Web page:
A military veteran, suffering from post-traumatic stress disorder, strapped down and stripped of his clothes.
A mentally ill woman shot in the head “with what appeared to be rubber bullets.”
Another woman repeatedly restrained for hours after experiencing an apparent “psychotic break.”
Seventy-five stories like this are included in a federal lawsuit recently filed against Gwinnett County Sheriff Butch Conway and one of his commanders. The suit accuses Conway, Lt. Col. Carl Sims and the jail’s “Rapid Response Team” of excessive force that violated inmates’ constitutional rights.
It specifically homes in on the jail’s use of medieval-looking restraint chairs, which bind inmates’ arms, legs and head. The rapid response team routinely employs them to subdue inmates deemed as unruly or dangerous.
The chairs have been the subject of litigation filed by Georgia attorneys Craig Jones and John Cicala in the past and has come under national scrutiny as well. The two lawyers filed the new lawsuit last week, four months after one member of the Rapid Response Team was charged with battery and about three months after a federal grand jury subpoenaed related records.
“Defendants are supervisors who have created and now perpetuate a policy of unlawfully permitting the Rapid Response Team to use unreasonable and excessive force with impunity,” the lawsuit says. “Defendants have not only condoned and failed to control unconstitutional activity by the Rapid Response Team, they have directed and encouraged it.
The 123-page document accuses the sheriff’s office of using excessive and unnecessary force against the inmates, violating the Fourth and 14th amendments. It asks for unspecified damages.
It points out that many of the inmates — including pre-trial detainees — had mental health issues. Others, it says, may have been “loud” or “intoxicated” but didn’t pose any real threat.
The Rapid Response Team was created in 2008. Sims is currently the sheriff’s office’s field operations division commander but has not directly led the team for several years.
In a statement released through a spokeswoman, Conway defended the team and its actions.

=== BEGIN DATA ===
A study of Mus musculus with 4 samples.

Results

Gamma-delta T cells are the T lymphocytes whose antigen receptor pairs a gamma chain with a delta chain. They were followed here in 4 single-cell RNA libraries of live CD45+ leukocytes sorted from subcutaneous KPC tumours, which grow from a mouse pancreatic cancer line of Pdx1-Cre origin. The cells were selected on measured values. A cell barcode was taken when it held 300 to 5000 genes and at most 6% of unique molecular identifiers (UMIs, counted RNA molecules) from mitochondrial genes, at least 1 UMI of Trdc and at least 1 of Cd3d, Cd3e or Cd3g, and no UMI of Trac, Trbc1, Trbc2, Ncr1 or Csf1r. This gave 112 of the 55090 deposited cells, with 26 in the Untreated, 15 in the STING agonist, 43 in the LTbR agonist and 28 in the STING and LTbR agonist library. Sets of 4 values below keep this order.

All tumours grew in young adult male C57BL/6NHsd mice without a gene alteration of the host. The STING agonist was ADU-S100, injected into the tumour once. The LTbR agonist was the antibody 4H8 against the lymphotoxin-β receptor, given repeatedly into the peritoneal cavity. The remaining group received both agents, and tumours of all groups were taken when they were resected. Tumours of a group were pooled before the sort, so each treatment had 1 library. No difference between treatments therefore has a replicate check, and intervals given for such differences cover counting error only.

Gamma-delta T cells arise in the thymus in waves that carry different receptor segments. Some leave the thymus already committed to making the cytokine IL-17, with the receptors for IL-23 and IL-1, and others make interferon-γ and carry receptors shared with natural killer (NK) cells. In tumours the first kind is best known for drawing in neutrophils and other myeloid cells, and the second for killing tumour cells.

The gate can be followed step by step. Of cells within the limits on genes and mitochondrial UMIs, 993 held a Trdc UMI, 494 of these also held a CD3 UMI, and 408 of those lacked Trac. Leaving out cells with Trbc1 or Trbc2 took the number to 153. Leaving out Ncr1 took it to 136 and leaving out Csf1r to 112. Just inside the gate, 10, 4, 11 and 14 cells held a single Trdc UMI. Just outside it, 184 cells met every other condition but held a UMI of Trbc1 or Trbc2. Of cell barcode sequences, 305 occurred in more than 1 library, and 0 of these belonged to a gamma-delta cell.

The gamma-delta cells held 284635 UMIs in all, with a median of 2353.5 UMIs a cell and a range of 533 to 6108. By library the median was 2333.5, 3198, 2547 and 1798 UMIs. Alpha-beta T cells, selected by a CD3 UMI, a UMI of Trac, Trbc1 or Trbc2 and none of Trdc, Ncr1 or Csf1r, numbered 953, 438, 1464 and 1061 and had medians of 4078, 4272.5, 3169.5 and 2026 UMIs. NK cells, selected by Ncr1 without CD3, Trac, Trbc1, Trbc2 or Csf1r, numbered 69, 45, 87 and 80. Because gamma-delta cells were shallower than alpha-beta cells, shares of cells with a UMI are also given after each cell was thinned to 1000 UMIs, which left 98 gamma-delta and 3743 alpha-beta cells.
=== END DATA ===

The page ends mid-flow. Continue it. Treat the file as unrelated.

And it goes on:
“An independent expert familiar with these matters reviewed our practices four years ago, and we are confident that the Rapid Response Team has been acting well within legal bounds while protecting the institutional security of the Gwinnett County Jail and minimizing injuries to inmates and deputies alike,” Conway said. “Our staff continuously assesses all areas of operations in an effort to follow best practices and provide the best services possible.”
In previous litigation, one expert determined the jail’s use of restraint chairs is “reasonable and consistent with generally accepted police practices.”
Another expert, though, called it “a ruse for implementing excessive force.”
Paragraph after paragraph, the latest lawsuit outlines alleged abuse involving dozens of mentally ill inmates, as well as Donovan Lowe, who says he was first placed in a restraint chair after having a seizure in the jail’s booking area.
He suffered a brain bleed and lost vision in one eye due to multiple forceful encounters with the response team, according to the suit.
It also details team members using pepper spray projectiles or other non-lethal weapons to subdue inmates before rushing into cells and pinning them on the ground using “pressure point techniques.” Inmates are then placed in restraint devices for as many as three or four hours, the suit says.
Cicala, one of the attorneys who filed the suit, said there’s evidence that such force is sometimes used unnecessarily. Videos show inmates who are “just sitting there quietly in their cell not doing anything,” he said. “But, all of a sudden, the RRT is unleashed on them. And it’s just for practice, basically. This is a unit that is being trained as a dynamic entry SWAT team in a contained environment.”
Gwinnett County’s is not the only jail that uses restraint chairs, nor is it the only one facing questions about that use. In 2004, the ACLU of Georgia filed litigation against Dooly County over its use of such devices; the two parties reached a settlement. And a mentally ill California man died last year after being left in a restraint chair for 46 hours.
Existing case law from the U.S. Supreme Court and the 11th Circuit Court of Appeals says that restraints should not be used to inflict “wanton and unnecessary pain” and should not be used after a prisoner has been subdued.
Said Sean J. Young, legal director for the ACLU of Georgia, which is not involved in the Gwinnett suit: “People who are incarcerated deserve to be treated like humans, not animals. If these allegations are true, all Georgians should be deeply disturbed.”